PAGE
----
SPH Chief Appointed To Expanded PSC (ST)

BackSep 07, 2010

THE Public Service Commission (PSC) has grown to 12 members, with Singapore Press Holdings (SPH) chief executive officer Alan Chan the latest to join its ranks.

Mr Chan received his appointment for a five-year term from President SR Nathan yesterday.

The PSC has grown steadily in size since Mr Eddie Teo became its chairman two years ago, from eight members in 2008 to 12 today. This is the largest number since the early 1990s, when it had 11 members. Under the law, the PSC can have between five and 14 members.

The increase is in line with Mr Teo's aim of enhancing the diversity of views within the commission. 'Bringing in new members to the PSC enriches the way it selects scholars, appoints and promotes public servants and decides on disciplinary matters,' he told The Straits Times.

Last year, SingTel group CEO Chua Sock Koong and academic Lily Kong became the first women appointed to the PSC board since 1996.

Senior Counsel Philip Jeyaretnam joined the PSC last year.

The PSC selects recipients of prestigious government scholarships. It also appoints and promotes top civil servants, and is the final board of appeal for civil servants who disagree with decisions made by lower level personnel boards.

On Mr Chan's appointment, Mr Teo said his educational background, which includes an engineering degree from a top French university and an MBA from Insead in France, 'is quite different' from that of other PSC members, adding to the board's diversity.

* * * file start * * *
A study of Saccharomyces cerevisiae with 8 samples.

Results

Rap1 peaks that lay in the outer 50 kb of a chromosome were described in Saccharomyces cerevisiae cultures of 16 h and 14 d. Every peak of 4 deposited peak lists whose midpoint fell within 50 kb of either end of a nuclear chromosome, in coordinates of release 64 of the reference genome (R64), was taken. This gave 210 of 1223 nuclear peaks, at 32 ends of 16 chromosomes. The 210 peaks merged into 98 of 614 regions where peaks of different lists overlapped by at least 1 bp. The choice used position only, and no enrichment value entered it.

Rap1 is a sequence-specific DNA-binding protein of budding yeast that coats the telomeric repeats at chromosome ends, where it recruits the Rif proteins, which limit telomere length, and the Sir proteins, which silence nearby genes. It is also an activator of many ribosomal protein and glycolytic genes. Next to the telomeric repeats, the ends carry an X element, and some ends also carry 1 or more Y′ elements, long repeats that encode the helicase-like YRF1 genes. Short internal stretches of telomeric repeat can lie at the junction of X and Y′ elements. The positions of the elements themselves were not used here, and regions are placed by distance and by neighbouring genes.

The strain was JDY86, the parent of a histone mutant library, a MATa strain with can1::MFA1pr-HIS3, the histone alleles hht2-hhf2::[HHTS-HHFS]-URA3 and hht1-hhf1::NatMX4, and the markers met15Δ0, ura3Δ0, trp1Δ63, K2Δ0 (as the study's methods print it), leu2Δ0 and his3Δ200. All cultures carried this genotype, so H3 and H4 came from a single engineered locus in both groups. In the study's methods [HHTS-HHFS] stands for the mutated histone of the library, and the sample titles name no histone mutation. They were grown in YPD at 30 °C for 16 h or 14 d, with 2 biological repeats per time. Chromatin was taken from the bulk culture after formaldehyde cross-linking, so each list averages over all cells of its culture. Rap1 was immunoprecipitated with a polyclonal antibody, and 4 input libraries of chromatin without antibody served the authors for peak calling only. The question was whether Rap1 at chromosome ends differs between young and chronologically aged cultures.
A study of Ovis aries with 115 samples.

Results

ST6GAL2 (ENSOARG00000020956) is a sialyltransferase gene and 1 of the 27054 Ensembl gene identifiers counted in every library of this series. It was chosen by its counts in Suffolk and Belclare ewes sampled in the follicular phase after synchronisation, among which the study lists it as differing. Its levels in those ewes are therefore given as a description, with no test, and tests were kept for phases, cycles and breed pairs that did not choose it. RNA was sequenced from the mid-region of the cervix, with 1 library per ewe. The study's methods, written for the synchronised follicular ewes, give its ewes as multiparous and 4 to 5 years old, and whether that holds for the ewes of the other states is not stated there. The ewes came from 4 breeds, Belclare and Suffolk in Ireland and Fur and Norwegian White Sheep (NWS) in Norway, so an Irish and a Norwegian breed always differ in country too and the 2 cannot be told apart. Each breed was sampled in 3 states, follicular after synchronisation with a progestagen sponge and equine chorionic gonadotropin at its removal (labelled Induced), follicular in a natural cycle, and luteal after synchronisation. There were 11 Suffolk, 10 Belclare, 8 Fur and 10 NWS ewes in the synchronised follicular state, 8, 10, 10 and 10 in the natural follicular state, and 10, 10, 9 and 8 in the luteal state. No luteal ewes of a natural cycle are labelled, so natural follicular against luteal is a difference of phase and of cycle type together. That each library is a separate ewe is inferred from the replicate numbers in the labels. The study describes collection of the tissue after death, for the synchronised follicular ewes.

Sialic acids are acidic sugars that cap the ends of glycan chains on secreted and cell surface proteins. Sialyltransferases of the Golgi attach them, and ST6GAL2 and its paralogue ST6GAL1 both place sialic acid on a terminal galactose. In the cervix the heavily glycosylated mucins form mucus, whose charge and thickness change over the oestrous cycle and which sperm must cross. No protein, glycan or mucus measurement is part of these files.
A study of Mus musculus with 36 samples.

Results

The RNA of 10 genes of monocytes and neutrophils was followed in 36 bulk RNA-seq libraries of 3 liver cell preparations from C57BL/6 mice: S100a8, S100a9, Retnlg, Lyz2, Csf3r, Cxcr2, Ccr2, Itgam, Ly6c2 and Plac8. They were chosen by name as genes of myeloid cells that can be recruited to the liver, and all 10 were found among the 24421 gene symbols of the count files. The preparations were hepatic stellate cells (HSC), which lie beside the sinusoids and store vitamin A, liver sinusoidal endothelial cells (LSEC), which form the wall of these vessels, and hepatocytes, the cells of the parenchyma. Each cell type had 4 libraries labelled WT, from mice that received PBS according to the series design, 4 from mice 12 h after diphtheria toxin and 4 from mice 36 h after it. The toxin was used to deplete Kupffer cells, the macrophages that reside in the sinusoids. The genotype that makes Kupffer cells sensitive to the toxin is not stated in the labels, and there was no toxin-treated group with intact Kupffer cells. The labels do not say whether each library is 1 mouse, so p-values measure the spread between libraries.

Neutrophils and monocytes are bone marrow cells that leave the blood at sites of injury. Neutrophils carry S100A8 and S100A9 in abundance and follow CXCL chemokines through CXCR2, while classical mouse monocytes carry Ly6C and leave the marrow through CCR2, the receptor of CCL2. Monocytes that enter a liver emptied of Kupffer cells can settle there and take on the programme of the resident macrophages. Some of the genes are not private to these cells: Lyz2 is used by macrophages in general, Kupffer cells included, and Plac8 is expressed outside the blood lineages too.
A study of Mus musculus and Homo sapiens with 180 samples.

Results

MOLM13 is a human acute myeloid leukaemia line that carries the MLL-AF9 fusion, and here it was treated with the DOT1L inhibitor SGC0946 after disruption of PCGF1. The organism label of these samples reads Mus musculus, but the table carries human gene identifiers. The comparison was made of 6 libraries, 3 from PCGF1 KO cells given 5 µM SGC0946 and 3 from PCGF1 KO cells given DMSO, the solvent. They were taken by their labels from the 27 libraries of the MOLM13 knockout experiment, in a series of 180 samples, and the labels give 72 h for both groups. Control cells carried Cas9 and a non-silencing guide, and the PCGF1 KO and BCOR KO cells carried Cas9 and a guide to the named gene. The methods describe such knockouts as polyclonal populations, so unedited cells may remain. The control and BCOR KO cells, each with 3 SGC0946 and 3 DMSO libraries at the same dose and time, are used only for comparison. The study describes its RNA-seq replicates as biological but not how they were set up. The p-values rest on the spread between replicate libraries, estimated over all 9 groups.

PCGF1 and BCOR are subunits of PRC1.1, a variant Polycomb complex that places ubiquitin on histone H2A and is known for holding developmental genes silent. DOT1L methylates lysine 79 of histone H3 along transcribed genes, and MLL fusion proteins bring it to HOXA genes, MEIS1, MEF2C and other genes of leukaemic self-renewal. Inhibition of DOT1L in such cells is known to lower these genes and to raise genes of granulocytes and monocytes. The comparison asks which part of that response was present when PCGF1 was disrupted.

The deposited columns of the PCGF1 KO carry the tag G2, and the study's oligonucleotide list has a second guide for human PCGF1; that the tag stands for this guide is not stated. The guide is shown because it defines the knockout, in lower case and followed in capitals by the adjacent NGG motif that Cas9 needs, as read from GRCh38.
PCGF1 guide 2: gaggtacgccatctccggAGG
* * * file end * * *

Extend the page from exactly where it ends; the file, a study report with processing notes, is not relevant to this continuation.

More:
Mr Chan also has the 'unique advantage of having worked extensively and at a senior level in both the public service and the corporate world', said Mr Teo.

Mr Chan is chairman of the Urban Redevelopment Authority and the Corporate Governance Council. He sits on the boards of organisations such as Singapore Power and MediaCorp TV.

The former President's Scholar worked in the civil service for 25 years. He was, at different periods, permanent secretary of the Transport Ministry, deputy secretary of the Foreign Affairs Ministry and principal private secretary to then Senior Minister Lee Kuan Yew.

Mr Chan said he would be able to share his experiences about the qualities required of a good public servant.

The requirements for talent in both private and public sectors are 'essentially the same', Mr Chan added, citing the qualities used by oil company Shell to select future leaders. These are the ability to have a helicopter view of situations, powers of analysis and imagination, and a sense of reality.

While businesses like Shell place more emphasis on the business acumen of their executives, the civil service looks for political acumen in its officers, he said.